Right to die with dignity: SC allows passive euthanasia with guidelines

Dignity in death Top observations of SC which allowed passive euthanasia

SC allows passive euthanasia, upholds 'right to die with dignity'

In a landmark verdict, India's Supreme Court has ruled individuals have a right to die with dignity, allowing passive euthanasia.

A "living will" is made by a person, in his normal state of mind, seeking voluntary euthanasia in case of terminal illness, if he or she reaches an irreversible vegetative state.

The decision, given by the Bench of Chief Justice Dipak Misra, Justices AK Sikri, AM Khanwilkar, DY Chandrachud and Ashok Bhushan, said, "The right to live with dignity (a component of right to life and liberty under Article 21) also includes the smoothening of the process of dying in case of a terminally-ill patient or a person in PVS with no hope of recovery".

"It is a huge relief to see the Supreme Court judgment that makes an advanced medical directive legally binding on the medical profession", he told The Indian Express.

"In India, you must guard against people terminating the life of another person for properties and other things". The Centre, through its draft "Management of patients with terminal illness-withdrawal of medical life support Bill', tabled in Parliament in 2016, had proposed that patients with terminal illnesses with no chance of revival be allowed passive euthanasia".

What is Passive euthanasia? The guidelines say the "living will" document much clearly indicate the circumstances in which withholding or withdrawing medical treatment can be resorted to, mentioning that the executor may revoke the instructions at any time.

Jan 23, 2014: A three-judge bench led by then CJI P Sathasivam starts final hearing in the case.

In Jaipur, Jain muni Tarun Sagar has welcomed the Supreme Court's verdict to allow passive euthanasia which was in consonance with the tenets of Jainism.

Virani's plea to the top court in 2009 for passive euthanasia of Indian nurse Aruna Shanbaug, who had survived in a coma for more than 40 years after she was sexually assaulted, caught the nation's attention. The five-member court also ruled individuals have the right to specify their wishes in an advance medical directive, or a "living will", to be enacted in the event the individual enters into a vegetative state and loses the capacity to make decisions. "This decision shall be regarded as a preliminary opinion", it said. "The safeguards that the court has built in should allay fears that some people may have", he said.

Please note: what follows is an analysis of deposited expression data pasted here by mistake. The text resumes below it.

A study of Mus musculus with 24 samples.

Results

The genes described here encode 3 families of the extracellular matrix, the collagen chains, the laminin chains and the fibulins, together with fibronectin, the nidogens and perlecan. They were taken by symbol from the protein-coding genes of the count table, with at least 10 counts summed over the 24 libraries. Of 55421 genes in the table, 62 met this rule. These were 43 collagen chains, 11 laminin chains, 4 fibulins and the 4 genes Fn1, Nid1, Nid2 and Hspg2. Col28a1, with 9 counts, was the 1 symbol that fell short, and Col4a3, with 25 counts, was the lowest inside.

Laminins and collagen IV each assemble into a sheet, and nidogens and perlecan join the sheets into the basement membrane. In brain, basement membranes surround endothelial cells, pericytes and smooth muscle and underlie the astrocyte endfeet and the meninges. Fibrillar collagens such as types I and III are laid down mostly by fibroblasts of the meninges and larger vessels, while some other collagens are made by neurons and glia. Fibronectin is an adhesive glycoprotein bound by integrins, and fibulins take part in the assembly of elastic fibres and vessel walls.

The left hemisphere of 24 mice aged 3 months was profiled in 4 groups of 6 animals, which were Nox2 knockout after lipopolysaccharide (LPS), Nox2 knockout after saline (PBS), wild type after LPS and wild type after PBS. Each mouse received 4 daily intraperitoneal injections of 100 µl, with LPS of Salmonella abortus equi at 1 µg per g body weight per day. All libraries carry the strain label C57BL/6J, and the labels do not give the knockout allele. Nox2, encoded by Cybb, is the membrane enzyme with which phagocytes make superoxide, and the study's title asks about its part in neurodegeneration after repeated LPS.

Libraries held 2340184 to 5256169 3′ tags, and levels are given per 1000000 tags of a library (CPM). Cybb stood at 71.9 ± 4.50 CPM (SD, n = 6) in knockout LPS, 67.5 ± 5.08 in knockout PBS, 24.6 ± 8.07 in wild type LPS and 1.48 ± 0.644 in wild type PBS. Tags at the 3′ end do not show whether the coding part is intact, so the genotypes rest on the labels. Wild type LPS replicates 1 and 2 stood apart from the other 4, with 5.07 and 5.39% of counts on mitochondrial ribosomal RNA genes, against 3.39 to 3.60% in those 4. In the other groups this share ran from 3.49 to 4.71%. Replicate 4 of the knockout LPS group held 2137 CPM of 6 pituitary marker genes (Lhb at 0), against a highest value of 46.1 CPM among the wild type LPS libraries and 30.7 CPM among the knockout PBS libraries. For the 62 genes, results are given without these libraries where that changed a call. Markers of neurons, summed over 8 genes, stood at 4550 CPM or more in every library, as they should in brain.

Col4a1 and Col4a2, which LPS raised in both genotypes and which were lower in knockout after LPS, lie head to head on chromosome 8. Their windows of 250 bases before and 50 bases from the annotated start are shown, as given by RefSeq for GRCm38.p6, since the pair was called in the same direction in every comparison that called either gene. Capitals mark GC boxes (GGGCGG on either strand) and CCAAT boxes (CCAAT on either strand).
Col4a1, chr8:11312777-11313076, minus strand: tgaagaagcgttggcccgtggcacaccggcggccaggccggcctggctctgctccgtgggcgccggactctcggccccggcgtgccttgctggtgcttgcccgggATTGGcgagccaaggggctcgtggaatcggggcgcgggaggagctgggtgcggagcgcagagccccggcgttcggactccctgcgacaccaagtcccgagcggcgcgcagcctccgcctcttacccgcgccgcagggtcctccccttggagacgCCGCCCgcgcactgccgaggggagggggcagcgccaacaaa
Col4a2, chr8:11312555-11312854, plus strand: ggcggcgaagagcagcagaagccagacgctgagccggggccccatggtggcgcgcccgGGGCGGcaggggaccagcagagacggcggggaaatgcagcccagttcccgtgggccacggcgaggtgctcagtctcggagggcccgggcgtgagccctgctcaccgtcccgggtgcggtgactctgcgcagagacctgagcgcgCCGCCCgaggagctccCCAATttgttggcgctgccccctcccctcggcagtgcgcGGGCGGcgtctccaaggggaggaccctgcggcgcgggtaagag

Dr K K Aggarwal, vice -pesident of Confederation of Medical Associations in Asia and Oceania, and former IMA president, however, said strict guidelines should be put in place to ensure that there is no abuse of the "living will" by relatives of the terminally ill patient.

The case helped shed light on an extremely complex issue of medical ethics and law.On Friday, the court distinguished between active and passive euthanasia. "The court has held that an individual has full right to decide that he should not take any kind of medical treatment or he should not keep alive by artificial support systems and if that person so decides that the decision of that individual is binding or the doctors and his/her family and they have to respect his/her decision; they have to give affect to his/her decision", Prashant Bhushan, an advocate who appeared on behalf of the NGO Common Cause, which filed the plea, said, explaining the judgment outside the Supreme Court. The apex court had, in 2011, first recognised passive euthanasia in the Aruna Shanbaug case.